Gilliam Endowment Establishes ‘Center for Ethical Business Leadership’
August 3, 2007
HARRISONBURG — An endowment established by Richard and Leslie Flanary Gilliam of Charlottesville, Va., will fund the new Gilliam Center for Ethical Business Leadership at James Madison University's College of Business. The major gift will allow the college to open the center this fall.
"My JMU degree has served me well in life, and Richard and I are happy to support JMU as a vital educational resource for today's young people. We are proud to partner with James Madison University's College of Business to empower tomorrow's business leaders to make the best possible decisions," Leslie Gilliam said.
Bob Kolodinsky, assistant professor of management at JMU, will direct the center and coordinate collaborative activities with other professors. Kolodinsky received a Ph.D. in Business Administration from Florida State University.
"One of the primary goals of the center is to raise student awareness of the implications of their own and others' behaviors and decisions, and the degree to which such actions have the potential to harm or benefit others," Kolodinsky said.
Robert Reid, dean of JMU's College of Business, said some of the donated funds are in place to open the center in the 2007-08 academic year. While the center eventually will be a multi-faceted resource to provide research, service and curriculum development, initial efforts will focus on pairing qualified students with seasoned mentors and hosting nationally known speakers to talk about ethical leadership on campus. Reid said the center also would allow professors within the College of Business who have expertise in the areas of ethics and leadership to collaborate on curriculum development and research.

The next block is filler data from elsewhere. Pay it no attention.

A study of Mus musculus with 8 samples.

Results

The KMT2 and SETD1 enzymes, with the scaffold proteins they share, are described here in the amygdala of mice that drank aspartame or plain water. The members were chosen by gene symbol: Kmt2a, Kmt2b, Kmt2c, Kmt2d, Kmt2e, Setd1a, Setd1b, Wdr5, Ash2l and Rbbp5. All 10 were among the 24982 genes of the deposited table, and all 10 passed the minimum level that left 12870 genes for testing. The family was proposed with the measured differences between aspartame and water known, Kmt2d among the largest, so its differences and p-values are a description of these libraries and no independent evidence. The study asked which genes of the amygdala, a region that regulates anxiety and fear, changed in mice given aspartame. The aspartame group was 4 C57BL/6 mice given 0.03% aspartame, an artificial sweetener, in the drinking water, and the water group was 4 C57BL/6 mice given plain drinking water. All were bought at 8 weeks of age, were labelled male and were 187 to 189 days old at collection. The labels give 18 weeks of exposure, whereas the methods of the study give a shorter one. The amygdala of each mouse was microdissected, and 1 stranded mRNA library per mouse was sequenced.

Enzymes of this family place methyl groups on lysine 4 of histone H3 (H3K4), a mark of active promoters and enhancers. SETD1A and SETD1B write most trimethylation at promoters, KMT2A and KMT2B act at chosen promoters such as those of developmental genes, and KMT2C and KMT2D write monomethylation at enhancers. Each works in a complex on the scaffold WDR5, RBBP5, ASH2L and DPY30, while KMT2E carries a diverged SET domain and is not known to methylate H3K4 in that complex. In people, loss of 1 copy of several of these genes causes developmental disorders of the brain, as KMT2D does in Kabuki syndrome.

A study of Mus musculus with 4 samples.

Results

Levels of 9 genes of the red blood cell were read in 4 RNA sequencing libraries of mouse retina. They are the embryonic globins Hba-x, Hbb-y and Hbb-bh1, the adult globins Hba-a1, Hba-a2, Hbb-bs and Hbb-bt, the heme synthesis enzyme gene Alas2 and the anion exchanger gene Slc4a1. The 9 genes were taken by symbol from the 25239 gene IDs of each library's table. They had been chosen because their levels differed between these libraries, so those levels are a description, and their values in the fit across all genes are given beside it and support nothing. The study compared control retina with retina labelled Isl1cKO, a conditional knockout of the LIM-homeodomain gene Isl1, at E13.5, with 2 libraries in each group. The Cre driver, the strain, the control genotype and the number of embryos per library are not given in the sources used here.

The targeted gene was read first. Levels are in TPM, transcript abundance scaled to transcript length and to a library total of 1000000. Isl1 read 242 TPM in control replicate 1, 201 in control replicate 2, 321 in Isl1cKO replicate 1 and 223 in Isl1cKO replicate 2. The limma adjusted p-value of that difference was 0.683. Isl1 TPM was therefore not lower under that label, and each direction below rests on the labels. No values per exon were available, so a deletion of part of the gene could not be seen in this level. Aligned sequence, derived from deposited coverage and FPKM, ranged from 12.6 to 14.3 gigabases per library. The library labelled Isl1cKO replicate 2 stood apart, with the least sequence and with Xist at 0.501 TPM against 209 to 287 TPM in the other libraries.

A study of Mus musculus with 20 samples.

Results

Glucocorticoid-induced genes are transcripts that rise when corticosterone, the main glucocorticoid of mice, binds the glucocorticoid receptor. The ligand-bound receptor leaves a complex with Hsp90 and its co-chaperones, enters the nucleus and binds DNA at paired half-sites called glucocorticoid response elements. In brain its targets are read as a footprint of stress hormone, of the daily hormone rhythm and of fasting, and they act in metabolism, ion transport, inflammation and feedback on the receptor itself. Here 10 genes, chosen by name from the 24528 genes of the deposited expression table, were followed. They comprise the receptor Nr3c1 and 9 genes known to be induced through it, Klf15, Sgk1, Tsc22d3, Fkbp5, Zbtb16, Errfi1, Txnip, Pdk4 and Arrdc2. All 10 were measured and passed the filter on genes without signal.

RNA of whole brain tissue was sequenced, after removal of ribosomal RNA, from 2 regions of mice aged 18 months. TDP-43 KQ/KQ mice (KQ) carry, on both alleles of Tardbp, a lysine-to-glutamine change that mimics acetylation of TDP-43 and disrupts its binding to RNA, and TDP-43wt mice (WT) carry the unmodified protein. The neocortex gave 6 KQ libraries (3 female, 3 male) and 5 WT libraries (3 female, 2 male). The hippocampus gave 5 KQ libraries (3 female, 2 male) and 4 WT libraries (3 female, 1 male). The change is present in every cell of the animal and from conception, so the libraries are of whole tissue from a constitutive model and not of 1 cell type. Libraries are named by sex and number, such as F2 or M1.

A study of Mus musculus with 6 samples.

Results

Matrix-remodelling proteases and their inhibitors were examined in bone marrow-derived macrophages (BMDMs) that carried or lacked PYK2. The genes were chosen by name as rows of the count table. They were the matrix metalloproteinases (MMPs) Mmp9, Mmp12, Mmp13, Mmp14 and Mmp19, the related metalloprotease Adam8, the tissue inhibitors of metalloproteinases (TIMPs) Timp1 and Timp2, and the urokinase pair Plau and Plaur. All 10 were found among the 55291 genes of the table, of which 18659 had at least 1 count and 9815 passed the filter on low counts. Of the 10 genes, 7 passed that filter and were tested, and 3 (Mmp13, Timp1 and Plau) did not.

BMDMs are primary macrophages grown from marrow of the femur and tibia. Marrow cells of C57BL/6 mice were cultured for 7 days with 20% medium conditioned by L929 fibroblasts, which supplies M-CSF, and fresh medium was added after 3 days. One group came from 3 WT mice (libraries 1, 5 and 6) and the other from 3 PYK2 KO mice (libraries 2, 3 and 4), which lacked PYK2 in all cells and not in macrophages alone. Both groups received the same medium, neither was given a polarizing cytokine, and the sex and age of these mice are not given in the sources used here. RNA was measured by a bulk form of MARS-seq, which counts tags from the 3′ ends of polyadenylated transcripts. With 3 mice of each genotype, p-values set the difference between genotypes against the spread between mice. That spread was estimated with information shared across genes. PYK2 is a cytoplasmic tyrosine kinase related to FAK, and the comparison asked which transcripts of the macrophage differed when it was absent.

Such curriculum will build a framework for future decision-making as students enter the business world. "People don't get up and say 'I'm going to be unethical today.' They rationalize their decisions until they cross that line into unethical activity. A primary goal will be to ground students in good ethical, rational decision-making processes that they can rely on for the rest of their lives, so when the pressures come, they don't cut corners," Reid said.
Kolodinsky, who is passionate about teaching ethical leadership to future business leaders, said the college plans to "ratchet up," referring to the ethics discourse in College of Business classes. Curriculum materials developed through the center will assist professors throughout the business college as they introduce ethical leadership topics with the goal of reaching all students with the message that effective business leaders are sensitive to others when making decisions in the workplace.
"The demands in today's competitive business environment focus primarily on meeting financial performance metrics. Because of this, workers typically are under constant pressure to do whatever it takes to meet those goals. Unfortunately, workers--particularly top managers whose rewards are linked directly to financial performance goals--often take actions that have an adverse impact on others," Kolodinsky said.
In the future the center will serve as a resource clearinghouse by providing an extensive library and an information-rich Web site that will include center publications, case studies, overviews of prominent work and thought in the areas of morality, ethics and leadership. Plans for the Web site include posting links to related news articles and other helpful Web sites.
For more information, please contact Jamie Marsh in JMU's Office of Public Affairs at 540-568-4908 or by e-mail email@example.com.